Last Saturday night, I was reading Joyce Carol Oates’s beautiful novel Little Bird of Heaven. JCO is probably my favorite contemporary author, and whenever I’m reading her books, my mind starts racing with ideas for my own fictive projects at a rate that few of my other favorite authors can match. I also read her books about nine times more quickly than any other books. It seems wrong to put them down, once they are begun.
While I was reading, I made this note on my iPad, a note for a novel that I am in the early stages of writing and whose shape I am still trying to figure out. The idea that this note addresses is not addressed explicitly in Little Bird of Heaven, but it evidently inspired me to think about it. I won’t say anything more for fear of spoiling the plot of LBoH. Here is my note as it appears in Evernote:
THEN! Last night, I went on Twitter and saw these two tweets from Oates:
And I proceeded to lose my mind.
As expected, JCO’s thoughts about this concept are infinitely, spine-tinglingly better than my own.”To underestimate is tragic while to overestimate is only farcical.” Yes. YES.
I am pissed that NYMag only considered Philip Roth and (vaguely) Don DeLillo in their Greatest Living Author feature. The answer is obviously Joyce Carol Oates, with Don a close second.
The neighbors in the big house are moving to Germany, due to the husband’s work. In nearly one and a half years I have yet to speak a word to anyone in this family, I think because they have relegated us to “Cal students,” a class to which we do not even belong. But their move seems important somehow. I will justify my interest in their day-to-day activities as they are visible to me (not that many are), by saying that they seem like fellow audience members at a movie theater. We are all watching the movie that is our westward view, of the San Francisco Bay, but I am distracted by the people in front of me, talking, canoodling, taking a sip of soda, or in the case of these neighbors, dashing around the kitchen table, doing their homework at their desks (three of the residents are boys under 10), which face our building (the urge to innocently spy, at least in one of the boys, seems to be mutual), or, as of today, staying out of the way as a moving crew packs their entire house into a truck. All the windows are open. It’s in the 70s. All I can hear are birds and the sound of tape wrapping around boxes and furniture being swaddled in brown paper.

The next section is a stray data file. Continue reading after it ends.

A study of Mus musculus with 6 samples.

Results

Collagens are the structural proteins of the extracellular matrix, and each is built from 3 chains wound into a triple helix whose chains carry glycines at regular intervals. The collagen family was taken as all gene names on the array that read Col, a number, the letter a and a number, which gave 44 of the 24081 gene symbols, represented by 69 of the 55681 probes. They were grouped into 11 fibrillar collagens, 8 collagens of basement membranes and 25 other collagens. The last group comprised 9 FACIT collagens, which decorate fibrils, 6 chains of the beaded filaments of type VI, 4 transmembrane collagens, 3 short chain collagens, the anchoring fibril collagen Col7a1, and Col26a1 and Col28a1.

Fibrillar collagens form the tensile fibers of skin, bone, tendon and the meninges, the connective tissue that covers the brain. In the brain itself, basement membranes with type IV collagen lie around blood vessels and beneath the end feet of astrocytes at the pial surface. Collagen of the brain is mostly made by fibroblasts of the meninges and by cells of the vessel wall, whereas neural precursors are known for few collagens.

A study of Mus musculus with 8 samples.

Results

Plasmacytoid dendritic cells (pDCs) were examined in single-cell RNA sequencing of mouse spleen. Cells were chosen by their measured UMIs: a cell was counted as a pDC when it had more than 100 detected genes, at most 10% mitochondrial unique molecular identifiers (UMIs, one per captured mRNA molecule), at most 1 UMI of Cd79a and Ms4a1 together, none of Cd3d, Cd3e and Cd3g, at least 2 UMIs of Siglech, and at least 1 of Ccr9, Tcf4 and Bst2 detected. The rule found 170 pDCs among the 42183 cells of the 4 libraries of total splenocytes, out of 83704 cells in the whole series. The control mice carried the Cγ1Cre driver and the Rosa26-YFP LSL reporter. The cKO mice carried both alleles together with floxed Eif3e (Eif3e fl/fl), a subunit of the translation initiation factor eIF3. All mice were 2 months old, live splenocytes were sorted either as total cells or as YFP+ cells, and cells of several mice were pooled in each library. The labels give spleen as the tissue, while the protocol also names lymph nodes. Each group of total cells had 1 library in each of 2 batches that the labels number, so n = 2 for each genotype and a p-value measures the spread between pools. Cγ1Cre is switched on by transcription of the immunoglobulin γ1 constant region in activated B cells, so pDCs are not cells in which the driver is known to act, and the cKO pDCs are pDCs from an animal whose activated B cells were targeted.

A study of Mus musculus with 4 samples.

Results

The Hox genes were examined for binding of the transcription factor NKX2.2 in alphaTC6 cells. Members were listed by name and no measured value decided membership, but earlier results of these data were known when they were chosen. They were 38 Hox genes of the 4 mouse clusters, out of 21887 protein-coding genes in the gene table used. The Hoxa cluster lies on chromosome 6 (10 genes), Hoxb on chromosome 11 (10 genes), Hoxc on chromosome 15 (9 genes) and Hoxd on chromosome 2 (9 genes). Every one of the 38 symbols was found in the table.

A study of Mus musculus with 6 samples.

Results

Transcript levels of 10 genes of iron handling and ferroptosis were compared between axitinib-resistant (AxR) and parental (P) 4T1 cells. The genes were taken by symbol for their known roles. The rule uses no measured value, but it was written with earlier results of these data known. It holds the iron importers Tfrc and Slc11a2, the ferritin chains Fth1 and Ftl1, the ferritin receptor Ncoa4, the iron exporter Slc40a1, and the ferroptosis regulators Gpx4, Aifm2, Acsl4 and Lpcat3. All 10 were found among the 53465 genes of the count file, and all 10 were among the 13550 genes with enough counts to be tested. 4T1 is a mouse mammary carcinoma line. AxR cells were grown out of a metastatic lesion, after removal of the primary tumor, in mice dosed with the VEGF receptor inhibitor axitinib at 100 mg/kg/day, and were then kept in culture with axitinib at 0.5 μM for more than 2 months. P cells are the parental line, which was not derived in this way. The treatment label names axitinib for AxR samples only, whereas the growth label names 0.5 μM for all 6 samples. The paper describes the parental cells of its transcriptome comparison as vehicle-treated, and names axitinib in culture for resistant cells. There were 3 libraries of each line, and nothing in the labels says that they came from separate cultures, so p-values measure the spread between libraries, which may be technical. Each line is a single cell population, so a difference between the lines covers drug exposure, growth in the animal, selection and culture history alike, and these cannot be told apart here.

Our neighbors to the south are moving too, to Sonoma, where they are building a house. A close relative has moved back to New York City after a dozen years in Los Angeles. And my mom, technically moving westward, recently flew to New York City from Cyprus after ten years. She won’t be going back. Last night she relayed simple observations about her time in Manhattan thus far. It’s been more than thirty years since she’s lived there, and several more than that since she’s lived alone. She was excited to discover the Japan Society for the first time, and the brass reliefs of well-known buildings on the sidewalk at 42nd Street and Park Avenue (“I wonder how many people even notice those?”). She is crossing her fingers about an apartment in the 60s, on the East Side. It has an “alcove,” which by Manhattan standards may as well be an extra bedroom, and which she’ll use as a painting studio. What else is remarkable about this apartment? It doesn’t look out onto someone else’s living room, and “I can look out the window and see trees below, and the people coming and going,” a reminder that there are many different ways to live in New York, but those three amenities are a good place to start.